Despite promises of snow in the near future, it is time to start thinking about the biggest 2020 fashion trends and prepping our closets for warm-weather fashion. Puffer jackets and ear muffs no more — well, maybe not yet, but we can at least start thinking about sunnier days. There's no better way to ignore the cold than to start planning out spring outfits.
Spring 2020's runways saw an abundance of new ideas; there were '70s inspired looks, pastels, and neons. Even volume came to play, but so did streamlined tailoring. The only thing missing from the runways was streetwear, and although I doubt we've seen the end of it, it's likely this won't be another summer of chunky sneakers and sweltering in oversized hoodies. Instead, here are some of the new trends to expect as 2020 unfolds.
While, personally, I haven't thought of crochet since I was a kid trying to make socks for my dolls, crochet has taken on a whole new meaning this spring. Sexy, feminine crocheted dresses were shown by Marni, Fendi, Gabriela Hearst, and Jil Sander. The hole-ridden material guarantees you'll stay cool in the hot months.
Gen Z Yellow and Millennial Pink want what neons have. A one-color focus is out for 2020 — this spring will be all about layering your neons until you look like a pencil-case array of highlighters. Valentino, Marc Jacobs, Christopher Kane, Marni, and Jacquemus are just a few of the designers that debuted layered neon looks for the new season. It doesn't matter your exact color preference — what matters is how many. So start color-blocking your neons until you're blinding.
Spring is apparently all about business or, at least, blazers. Givenchy, Bottega Veneta, and Chloe decided that hot days do not mean you can't layer and look nice doing it. Blazers with shorts, tank tops, or just bralettes (for your non-working days) are just a few of the ways you can style the professional look into a spring/summer staple.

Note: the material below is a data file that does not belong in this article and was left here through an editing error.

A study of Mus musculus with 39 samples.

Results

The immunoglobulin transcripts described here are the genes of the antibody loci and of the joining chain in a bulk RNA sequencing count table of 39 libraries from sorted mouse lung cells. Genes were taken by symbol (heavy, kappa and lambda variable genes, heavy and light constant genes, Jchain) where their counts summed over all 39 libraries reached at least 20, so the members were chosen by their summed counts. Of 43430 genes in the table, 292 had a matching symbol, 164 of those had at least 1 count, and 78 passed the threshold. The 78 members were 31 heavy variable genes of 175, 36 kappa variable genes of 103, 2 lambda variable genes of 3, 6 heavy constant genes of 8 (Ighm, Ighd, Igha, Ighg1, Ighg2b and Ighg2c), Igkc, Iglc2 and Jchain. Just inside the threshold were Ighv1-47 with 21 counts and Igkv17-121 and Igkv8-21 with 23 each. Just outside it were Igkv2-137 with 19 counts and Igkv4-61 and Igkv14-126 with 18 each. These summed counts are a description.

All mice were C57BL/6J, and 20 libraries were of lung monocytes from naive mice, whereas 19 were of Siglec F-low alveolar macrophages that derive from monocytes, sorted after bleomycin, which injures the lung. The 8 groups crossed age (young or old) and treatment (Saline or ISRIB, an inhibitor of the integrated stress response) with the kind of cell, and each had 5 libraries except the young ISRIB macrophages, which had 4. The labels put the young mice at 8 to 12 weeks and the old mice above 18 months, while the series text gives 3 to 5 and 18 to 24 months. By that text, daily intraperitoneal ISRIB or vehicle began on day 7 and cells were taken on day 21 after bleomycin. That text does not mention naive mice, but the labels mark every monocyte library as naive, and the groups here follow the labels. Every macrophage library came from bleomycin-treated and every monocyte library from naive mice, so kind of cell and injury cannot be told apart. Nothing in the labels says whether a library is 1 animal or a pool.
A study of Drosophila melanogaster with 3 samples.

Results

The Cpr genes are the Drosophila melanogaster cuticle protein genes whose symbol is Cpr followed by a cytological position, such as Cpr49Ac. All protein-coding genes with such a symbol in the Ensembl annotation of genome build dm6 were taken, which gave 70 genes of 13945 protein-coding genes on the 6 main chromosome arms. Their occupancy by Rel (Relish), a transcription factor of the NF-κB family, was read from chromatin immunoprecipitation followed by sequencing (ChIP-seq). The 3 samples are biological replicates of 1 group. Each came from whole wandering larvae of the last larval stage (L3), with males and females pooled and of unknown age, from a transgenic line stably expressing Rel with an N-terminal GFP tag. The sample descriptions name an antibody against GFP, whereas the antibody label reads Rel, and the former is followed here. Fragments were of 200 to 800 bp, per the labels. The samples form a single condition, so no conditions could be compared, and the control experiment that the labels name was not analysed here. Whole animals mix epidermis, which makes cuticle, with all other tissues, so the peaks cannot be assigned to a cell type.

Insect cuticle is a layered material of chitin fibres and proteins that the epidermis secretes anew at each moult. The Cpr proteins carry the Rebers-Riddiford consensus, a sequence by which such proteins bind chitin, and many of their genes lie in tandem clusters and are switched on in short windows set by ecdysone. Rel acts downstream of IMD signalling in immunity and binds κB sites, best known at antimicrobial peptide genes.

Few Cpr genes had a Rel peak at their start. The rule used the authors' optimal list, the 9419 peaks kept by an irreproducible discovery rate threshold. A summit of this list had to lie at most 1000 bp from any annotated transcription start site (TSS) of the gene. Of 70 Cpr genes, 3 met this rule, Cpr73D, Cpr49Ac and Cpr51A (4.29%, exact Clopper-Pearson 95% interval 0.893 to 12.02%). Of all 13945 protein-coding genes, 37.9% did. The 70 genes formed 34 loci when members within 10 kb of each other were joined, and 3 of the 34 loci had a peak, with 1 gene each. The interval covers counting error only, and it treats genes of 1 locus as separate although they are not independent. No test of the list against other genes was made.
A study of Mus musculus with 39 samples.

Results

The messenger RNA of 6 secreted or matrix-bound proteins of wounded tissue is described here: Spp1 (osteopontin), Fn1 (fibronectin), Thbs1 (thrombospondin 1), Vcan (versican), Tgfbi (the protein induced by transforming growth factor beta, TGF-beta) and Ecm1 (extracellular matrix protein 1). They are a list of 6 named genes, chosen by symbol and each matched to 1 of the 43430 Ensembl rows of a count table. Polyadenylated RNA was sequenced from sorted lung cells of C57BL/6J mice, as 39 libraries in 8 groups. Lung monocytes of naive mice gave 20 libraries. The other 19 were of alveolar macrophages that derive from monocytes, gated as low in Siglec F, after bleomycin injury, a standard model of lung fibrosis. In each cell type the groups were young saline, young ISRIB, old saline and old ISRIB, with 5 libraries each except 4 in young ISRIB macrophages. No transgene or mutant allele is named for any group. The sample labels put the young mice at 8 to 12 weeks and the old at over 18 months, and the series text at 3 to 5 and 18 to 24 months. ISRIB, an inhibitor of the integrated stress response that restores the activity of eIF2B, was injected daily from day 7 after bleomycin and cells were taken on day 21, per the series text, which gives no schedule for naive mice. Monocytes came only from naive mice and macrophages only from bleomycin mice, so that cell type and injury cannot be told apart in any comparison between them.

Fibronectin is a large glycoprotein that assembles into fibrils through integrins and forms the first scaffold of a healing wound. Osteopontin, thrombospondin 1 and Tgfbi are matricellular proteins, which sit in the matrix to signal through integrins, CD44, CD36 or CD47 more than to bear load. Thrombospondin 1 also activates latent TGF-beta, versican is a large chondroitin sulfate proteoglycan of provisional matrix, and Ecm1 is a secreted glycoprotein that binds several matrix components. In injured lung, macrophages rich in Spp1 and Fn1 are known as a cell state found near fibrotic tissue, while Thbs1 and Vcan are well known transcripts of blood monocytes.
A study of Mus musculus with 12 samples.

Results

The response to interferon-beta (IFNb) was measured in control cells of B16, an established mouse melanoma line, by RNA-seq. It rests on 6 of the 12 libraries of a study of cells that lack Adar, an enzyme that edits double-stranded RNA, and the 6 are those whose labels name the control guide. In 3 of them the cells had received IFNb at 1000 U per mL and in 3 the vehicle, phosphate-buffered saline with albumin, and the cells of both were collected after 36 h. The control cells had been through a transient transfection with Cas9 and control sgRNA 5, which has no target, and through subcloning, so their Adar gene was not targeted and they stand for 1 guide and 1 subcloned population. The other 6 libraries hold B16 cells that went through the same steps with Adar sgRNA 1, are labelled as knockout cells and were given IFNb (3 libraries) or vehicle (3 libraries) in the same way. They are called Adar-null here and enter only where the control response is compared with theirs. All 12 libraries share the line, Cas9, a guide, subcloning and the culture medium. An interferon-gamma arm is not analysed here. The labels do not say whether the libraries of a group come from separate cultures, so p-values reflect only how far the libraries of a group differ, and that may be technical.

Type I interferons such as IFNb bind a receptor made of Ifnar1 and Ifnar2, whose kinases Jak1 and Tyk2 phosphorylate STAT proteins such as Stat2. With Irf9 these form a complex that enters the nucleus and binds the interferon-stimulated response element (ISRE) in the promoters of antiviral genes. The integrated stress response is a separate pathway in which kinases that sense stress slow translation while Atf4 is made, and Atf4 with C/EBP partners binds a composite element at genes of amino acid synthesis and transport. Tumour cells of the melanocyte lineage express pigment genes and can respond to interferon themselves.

Crop tops just got a lot more cropped and have a new name. This season, bra tops made a powerful debut. With crochet bras (as seen with Prada and Dior), sheer options (Loewe), and ones seen under so many blazers (Jason Wu, Michael Kors, Staud, and Jonathan Simkhai), you'll be unstoppable in any heatwave.
This season brought its Marie Antoinette vibes. Runways saw high collars, three-tiered skirts, and ball gowns, but perhaps the most street-easy, avant-garde look was puffy sleeves, as see in Jason Wu, Chanel, and Alexander McQueen. Highly feminine, the look makes you feel and look like a princess.
It's official: Florals will not be groundbreaking this year. Instead, the print taking over is more reminiscent of your grandmother's bathroom. Retro '60s and '70s prints brought bright colors and bold patterns to Prada, Fendi, Christopher Kane, Gucci, Marc Jacobs, and more. And believe it or not, they're more wearable than you think.
For those of us who are not ready to be done with the bright, voluptuous texture of faux fur coats, feathers have us covered for spring. During Burberry, Valentino, and Prabal Gurung, feathers bounced down the runway. And on those days when you feel like flying off on a tropical vacation but can't, feathers will make you feel like you're flying.
Two Shorts Diverged In A Yellow Wood
Because it wouldn't be spring without shorts, this year's spring season saw two vastly different lengths: hot pants and Bermuda shorts. Tiny shorts came back in a big way in Rag & Bone, Brandon Maxwell, and Ferragamo, whereas Tom Ford, Chloe, and Bottega Veneta liked it lengthy with their below-the-knee Bermuda shorts. It seems two shorts diverged this spring/summer season, and I? I decided to wear them both.
Not to challenge global warming, but I, for one, am ready for spring.